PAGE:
How Wall Street Benefits from the Housing Shortage
- Several investment firms profited as the pandemic drove home prices higher.
- An influx of home supply is a "possible headwind" to company performance, one firm said in August.
- The firms' outlook butts heads with the White House, which aims to solve the affordability crisis with millions of new homes.
Home affordability is under historic pressure. That's the way some investment firms want to keep things.
The story of the pandemic-era housing market is one of widespread shortages. Demand for homes ballooned at the start of the crisis as Americans scooped up houses at breakneck speed. But it only took a few months for the buying spree to run up against shortages. Decades of underbuilding left the US with a deficit of roughly 6.8 million homes, according to the National Association of Realtors, and inventory quickly hit all-time lows.
That mismatch between home demand and nationwide supply has driven prices sharply higher just as millions of millennials look to buy their first houses. But where fading affordability is hurting first-time buyers, it's been a tremendous boon for investment firms.
Wall Street firms have been flipping homes for profit since the Great Recession
Wall Street has increasingly expanded its presence in the US housing market over the past decade, Insider's Alex Nicoll and Daniel Geiger reported. Investment firms began snapping up homes after the financial crisis, betting the market's collapse would help them flip properties for profit once demand rebounded. Others turned homes into rental properties for steady returns.
While the Great sparked Wall Street's interest in housing, the pandemic took it up a notch. Investors bought a record $48.5 billion worth of homes in the second quarter alone, real estate data firm Redfin said in July. That's up 15% from the first quarter and more than twice the amount seen just one year prior.
The S&P CoreLogic US home price index rose 5.2% during the same quarter, marking the fastest house inflation since at least 1987 and rivaling the price growth typically seen over an entire year.
Taken together, the data signals firms including Blackstone, Invitation Homes, and American Homes 4 Rent benefitted massively from the rally in home prices. But don't take our word for it: Look at what they're telling their investors in regulatory filings.
Invitation Homes said in a February regulatory filing it could be "adversely affected" by a rebound in home construction or high residential vacancy rates, as both could lift home supply and "reduce occupancy and rental rates." In a separate filing, the company said it prefers operating in markets that "exhibit constrained levels of new home construction." That means more construction would be good for homebuyers — and bad for business.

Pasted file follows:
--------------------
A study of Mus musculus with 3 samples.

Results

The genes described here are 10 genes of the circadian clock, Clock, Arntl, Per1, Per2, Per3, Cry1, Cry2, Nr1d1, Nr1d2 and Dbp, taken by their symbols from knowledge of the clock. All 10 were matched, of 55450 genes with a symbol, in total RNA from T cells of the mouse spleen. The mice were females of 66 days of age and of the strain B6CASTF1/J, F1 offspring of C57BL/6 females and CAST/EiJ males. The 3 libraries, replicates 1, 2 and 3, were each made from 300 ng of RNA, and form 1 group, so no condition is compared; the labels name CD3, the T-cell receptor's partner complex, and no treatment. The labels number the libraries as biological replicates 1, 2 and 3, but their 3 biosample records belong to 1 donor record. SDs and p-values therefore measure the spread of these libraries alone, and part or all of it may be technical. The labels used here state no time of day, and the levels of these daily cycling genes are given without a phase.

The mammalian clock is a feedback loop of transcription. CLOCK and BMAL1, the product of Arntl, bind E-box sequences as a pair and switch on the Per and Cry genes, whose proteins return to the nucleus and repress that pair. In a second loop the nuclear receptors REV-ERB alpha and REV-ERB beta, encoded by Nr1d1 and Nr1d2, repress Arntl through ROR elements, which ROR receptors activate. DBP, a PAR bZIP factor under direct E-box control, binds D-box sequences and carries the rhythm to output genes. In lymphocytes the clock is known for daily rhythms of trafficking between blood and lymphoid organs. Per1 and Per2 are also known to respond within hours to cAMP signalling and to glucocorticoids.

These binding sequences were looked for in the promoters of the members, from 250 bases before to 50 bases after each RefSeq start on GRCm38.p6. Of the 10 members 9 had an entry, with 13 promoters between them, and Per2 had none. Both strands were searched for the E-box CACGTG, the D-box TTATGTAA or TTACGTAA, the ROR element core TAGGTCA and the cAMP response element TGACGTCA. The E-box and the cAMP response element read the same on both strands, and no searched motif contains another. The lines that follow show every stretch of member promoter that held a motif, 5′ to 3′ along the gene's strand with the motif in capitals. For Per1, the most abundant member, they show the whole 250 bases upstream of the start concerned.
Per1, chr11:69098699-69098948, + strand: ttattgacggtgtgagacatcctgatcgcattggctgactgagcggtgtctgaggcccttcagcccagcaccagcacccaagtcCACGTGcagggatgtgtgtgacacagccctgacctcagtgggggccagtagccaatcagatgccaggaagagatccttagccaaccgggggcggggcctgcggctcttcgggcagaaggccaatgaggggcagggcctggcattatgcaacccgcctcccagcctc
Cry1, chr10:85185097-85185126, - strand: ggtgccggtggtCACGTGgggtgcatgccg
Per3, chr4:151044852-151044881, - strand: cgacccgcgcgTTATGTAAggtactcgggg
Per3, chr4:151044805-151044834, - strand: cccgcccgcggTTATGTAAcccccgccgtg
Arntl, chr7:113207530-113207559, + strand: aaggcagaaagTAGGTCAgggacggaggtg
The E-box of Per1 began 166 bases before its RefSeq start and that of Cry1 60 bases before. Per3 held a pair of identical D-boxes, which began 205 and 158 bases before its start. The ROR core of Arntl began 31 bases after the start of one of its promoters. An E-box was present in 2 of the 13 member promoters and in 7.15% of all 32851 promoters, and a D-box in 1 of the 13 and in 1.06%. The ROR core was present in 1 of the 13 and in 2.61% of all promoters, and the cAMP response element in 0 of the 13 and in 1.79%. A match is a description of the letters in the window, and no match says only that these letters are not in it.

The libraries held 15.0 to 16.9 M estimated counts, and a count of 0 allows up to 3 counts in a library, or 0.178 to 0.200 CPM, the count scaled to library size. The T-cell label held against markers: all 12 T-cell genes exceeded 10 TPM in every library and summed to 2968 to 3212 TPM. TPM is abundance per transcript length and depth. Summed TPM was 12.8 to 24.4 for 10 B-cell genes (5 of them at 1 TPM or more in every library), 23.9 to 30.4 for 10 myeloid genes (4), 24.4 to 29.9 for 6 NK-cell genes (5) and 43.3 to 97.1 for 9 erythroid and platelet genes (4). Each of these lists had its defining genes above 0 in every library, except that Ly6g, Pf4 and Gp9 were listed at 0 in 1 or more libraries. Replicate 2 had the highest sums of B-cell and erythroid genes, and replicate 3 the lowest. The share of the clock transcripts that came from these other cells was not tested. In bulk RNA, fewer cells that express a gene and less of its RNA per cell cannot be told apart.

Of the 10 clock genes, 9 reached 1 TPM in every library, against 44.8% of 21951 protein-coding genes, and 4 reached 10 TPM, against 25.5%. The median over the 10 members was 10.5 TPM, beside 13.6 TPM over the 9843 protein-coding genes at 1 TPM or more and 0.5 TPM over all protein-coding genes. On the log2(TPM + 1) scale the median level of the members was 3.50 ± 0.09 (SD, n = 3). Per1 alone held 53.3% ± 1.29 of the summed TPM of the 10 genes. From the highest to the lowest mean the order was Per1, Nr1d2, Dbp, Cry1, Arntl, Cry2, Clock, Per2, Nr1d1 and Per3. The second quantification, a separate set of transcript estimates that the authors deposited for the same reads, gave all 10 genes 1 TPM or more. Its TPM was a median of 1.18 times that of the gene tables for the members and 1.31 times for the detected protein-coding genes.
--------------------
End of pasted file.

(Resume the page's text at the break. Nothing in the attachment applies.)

Invitation Homes isn't alone in wanting to avoid an influx of new homes. The single-family rental business "is booming" thanks to "exceptional demand trends and low supply of available homes," Tricon CEO Gary Berman said in an August earnings call. Company management is still keeping an eye on "possible headwinds" such as "the impact of new for-sale housing supply," according to Tricon's second-quarter report.
And American Homes 4 Rent said in May that the shortage of single-family homes and rentals gave the company "the pricing power that you're seeing now." That's another way of saying they can raise prices with little impact on sales.
Invitation Homes and American Homes 4 Sale did not respond to requests for comment. Tricon told Insider it's "committed to increasing the number of accessible, high-quality housing options." To meet "extraordinary demand," the company is purchasing existing homes, buying new homes directly from builders, and developing its own build-to-rent communities, Tricon added.
To be sure, institutional investors only own about 2% of all single-family homes in the US, or roughly 300,000 properties, John Burns research director Rick Palacios told CNN in August.
Still, the financial industry's move into housing is relatively young. Institutional owners of single-family rentals achieved considerable scale in the past decade, Jonathan Woloshin, real estate and lodging analyst at UBS, said in a Tuesday note. Firms' purchasing of homes on the open market and collaboration with builders on rental properties shows just how quickly their influence is growing, he added.
Wall Street vs the YIMBYs
The firms' outlooks contrast with a range of efforts looking to solve the housing crisis. President Joe Biden unveiled a collection of regulatory changes last week that aim to build 100,000 new homes over the next three years. Biden's $3.5 trillion infrastructure proposal also includes funding for the construction of 2 million homes, though the legislation faces a steep road to Congressional approval.
At the state level, California is on the brink of passing a hugely significant zoning change. A bill that's already won lawmakers' approval plans to permit the construction of two-unit buildings on lots previously zoned for single-family homes. The shift would allow for denser residential construction and could bring a spate of affordable housing options onto the market.
If signed by Gov. Gavin Newsom, the legislation would mark a critical victory for the pro-housing YIMBYs, a group of activists known for their "yes in my backyard" mantra. The group was borne out of opposition to the NIMBY — "not in my backyard" — movement of the 20th century, which saw Americans balk at housing expansion in hopes of protecting property values.
With Wall Street now playing a bigger role in the housing market, the NIMBY movement has a new champion. But the Biden administration, California lawmakers, and housing activists are gearing up for a fight.